CSIRO’s innovation fund Main Sequence Ventures has led a $39 million investment into RIOS Intelligent Machines which will see the US-based AI factory robots firm come to Australian shores.
The investment will help the company establish operations in Australia and increase the scale of its robotic fleet for existing customers and to reach new ones. The firm has now raised a total of US$33 million.
RIOS founder and chief executive officer Dr Bernard Casse said the firm’s Australian subsidiary will first focus on establishing an applied research and development centre. It will also work with local contract manufacturers and will hire staff for the fabrication, assembly, and testing of workcells.
“We’re first establishing an Applied R&D centre to strategically tap into Australia’s ecosystem of research institutions industry experts to develop innovative technologies that would allow us to scale faster. In addition, the Australia market is fertile ground, and we’d like to get early access and own this market,” Dr Casse said.
Currently the robotic arms are manufactured in Japan by robot manufacturer FANUC while workcell components are built in the US by contract manufacturers.
As part of the funding round, Main Sequence partner Mike Zimmerman will sit on the RIOS board of directors with Yamaha Motor Ventures chief operating officer and managing director Anish Patel also joining as a board observer.
The oversubscribed series A round found new investors in Main Sequence, Yamaha Motor Ventures, Orbit Venture Partners, Hypertherm Ventures, as well as support from existing investors Morpheus Ventures, Grit Ventures and Valley Capital Partners, among others.
Mr Zimmerman said that the Main Sequence investment is well aligned with the federal government’s Modern Manufacturing Strategy (MMS), which aims to boost the competitiveness of local manufacturing, particularly for deploying RIOS robots to the food and beverage sector, which is one of Australia’s national manufacturing priorities under the strategy.
“Customers we spoke to said things like ‘no brainer’ and ‘we will buy these as fast as they can roll them out’,” Mr Zimmerman said.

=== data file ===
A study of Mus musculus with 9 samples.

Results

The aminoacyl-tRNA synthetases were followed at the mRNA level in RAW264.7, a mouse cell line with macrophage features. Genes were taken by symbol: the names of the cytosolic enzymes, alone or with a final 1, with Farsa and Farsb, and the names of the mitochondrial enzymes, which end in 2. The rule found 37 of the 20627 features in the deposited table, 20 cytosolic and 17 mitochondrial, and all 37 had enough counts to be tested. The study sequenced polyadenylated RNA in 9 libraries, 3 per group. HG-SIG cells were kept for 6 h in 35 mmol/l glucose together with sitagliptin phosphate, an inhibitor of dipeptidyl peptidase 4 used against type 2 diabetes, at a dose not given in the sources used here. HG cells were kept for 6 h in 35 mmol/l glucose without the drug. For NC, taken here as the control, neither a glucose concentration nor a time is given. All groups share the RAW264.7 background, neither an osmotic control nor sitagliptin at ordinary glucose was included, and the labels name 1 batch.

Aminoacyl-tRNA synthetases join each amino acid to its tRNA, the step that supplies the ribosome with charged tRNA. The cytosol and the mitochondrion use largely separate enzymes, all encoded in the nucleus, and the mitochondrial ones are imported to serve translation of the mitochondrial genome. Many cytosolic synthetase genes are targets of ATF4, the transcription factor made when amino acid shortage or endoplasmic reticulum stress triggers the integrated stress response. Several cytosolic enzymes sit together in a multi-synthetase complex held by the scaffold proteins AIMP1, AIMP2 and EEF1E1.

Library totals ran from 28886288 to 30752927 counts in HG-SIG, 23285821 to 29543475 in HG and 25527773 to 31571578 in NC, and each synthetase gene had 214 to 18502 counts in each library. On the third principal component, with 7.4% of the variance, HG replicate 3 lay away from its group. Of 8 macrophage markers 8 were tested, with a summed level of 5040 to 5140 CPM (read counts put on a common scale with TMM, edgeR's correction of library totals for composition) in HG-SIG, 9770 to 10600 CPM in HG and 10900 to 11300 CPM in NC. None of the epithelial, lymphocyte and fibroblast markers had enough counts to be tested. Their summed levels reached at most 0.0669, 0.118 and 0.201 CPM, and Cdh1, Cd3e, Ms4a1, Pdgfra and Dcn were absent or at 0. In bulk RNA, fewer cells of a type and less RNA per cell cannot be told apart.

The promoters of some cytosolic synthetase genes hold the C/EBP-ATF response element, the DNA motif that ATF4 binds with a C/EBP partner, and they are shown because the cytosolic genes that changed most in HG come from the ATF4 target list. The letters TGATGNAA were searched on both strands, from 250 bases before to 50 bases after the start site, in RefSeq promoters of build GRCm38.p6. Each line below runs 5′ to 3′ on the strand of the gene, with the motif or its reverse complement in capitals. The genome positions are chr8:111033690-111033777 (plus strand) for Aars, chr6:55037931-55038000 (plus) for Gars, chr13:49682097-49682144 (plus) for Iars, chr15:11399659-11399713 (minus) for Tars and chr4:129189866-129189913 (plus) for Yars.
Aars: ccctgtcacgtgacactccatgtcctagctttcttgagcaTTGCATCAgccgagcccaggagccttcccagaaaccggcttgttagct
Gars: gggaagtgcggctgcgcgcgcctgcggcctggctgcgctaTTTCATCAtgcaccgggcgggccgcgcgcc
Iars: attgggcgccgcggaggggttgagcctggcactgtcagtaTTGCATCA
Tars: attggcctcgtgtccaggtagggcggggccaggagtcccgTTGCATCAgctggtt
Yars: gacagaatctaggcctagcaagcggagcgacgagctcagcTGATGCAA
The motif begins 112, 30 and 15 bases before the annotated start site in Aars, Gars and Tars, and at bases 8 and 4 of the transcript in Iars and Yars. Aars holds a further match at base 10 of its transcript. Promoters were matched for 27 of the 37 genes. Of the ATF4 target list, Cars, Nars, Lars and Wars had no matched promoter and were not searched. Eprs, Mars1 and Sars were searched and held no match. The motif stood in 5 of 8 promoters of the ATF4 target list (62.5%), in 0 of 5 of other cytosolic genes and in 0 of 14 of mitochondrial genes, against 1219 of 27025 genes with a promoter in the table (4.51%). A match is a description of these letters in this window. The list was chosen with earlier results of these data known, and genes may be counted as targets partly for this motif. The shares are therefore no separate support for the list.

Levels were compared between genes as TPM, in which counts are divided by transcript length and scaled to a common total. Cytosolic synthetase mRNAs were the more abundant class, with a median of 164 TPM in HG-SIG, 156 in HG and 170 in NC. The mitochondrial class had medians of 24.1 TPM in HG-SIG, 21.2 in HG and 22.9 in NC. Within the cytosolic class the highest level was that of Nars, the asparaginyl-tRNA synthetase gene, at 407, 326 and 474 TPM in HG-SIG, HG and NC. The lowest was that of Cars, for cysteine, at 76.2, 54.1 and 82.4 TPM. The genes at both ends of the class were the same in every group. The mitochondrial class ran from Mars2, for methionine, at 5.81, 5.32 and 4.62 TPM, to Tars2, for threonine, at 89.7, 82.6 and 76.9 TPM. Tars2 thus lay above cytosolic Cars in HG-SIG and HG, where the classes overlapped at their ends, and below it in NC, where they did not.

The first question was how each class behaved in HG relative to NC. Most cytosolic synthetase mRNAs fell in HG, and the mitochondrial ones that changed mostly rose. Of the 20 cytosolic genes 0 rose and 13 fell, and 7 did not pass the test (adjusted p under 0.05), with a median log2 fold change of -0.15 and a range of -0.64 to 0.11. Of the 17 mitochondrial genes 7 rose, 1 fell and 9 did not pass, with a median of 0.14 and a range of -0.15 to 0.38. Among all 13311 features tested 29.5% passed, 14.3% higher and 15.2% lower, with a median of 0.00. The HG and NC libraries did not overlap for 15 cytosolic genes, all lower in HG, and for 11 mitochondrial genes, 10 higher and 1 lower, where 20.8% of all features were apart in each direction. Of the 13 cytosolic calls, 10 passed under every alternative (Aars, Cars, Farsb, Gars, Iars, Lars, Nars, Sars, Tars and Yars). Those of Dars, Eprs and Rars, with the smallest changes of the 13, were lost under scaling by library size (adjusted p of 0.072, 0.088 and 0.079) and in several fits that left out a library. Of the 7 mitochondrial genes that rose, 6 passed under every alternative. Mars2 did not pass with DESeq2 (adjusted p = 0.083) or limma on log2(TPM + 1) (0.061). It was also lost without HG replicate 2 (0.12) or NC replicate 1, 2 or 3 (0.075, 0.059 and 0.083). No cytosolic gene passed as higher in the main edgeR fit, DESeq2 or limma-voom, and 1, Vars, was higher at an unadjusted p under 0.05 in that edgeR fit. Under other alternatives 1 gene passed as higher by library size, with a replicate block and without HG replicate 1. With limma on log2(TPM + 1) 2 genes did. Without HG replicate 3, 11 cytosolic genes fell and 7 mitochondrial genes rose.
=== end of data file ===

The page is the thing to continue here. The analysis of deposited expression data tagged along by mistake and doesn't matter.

“RIOS’s combination of RaaS business model and adaptable end-to-end robotic workcell platform is the ideal answer to the labour and supply chain challenges facing manufacturers around the globe. Having looked at a wide range of robotics technologies and services, Main Sequence was attracted to RIOS’ strong market traction, positive customer feedback, and world-class team.
“We’re also thrilled that RIOS is strategically tapping into Australia’s ecosystem of industry experts, research institutions, and commercial companies to both commercialise innovative robotic technologies and get early access to the Australian market.”
The Silicon Valley firm was founded in 2018 by former engineers of tech innovation company Xerox PARC. The company’s AI robotic workcells can be used to automate the work of two people in factory assembly lines, warehouses, or supply chain operations.
The modular workcells use computer vision and grippers for packaging, quality control, and assembling. RIOS runs a robots-as-a-service business model which means firms pay per hour of use.
Dr Casse said the solutions his firm offers could be integrated into existing workflows at no additional capital expenditure to businesses.
“Bedrock sectors of our global economy are crippled by a labour shortage problem that Covid turned into a full-blown crisis. Today, most factories in the world are labour-intensive, and with millions of jobs unfilled, manufacturers are unable to keep up with skyrocketing consumer demand – and they are in extreme pain,” Dr Casse said.
“We have the cure to this trillion-dollar opportunity. We’re re-industrialising these industries with best-in-class technology while upskilling our workforce in the process and enabling them to access higher-level and better-paying jobs.”
Main Sequence’s investment comes out of their $250 million investment fund, founded at the end of April last year, and as a part of the Supercharge industrial Productivity challenge led by Mr Zimmerman. This follows the successful investment in 26 deep tech companies through the first fund, which began in 2017.
The MMS was announced in 2020 as a COVID-19 recovery scheme, but it was revealed last week that only $85 million of the $1.5 billion set aside has been released so far.
Editor’s note: This article has been updated to include additional comment from RIOS founder and chief executive officer Dr Bernard Casse
Do you know more? Contact James Riley via Email.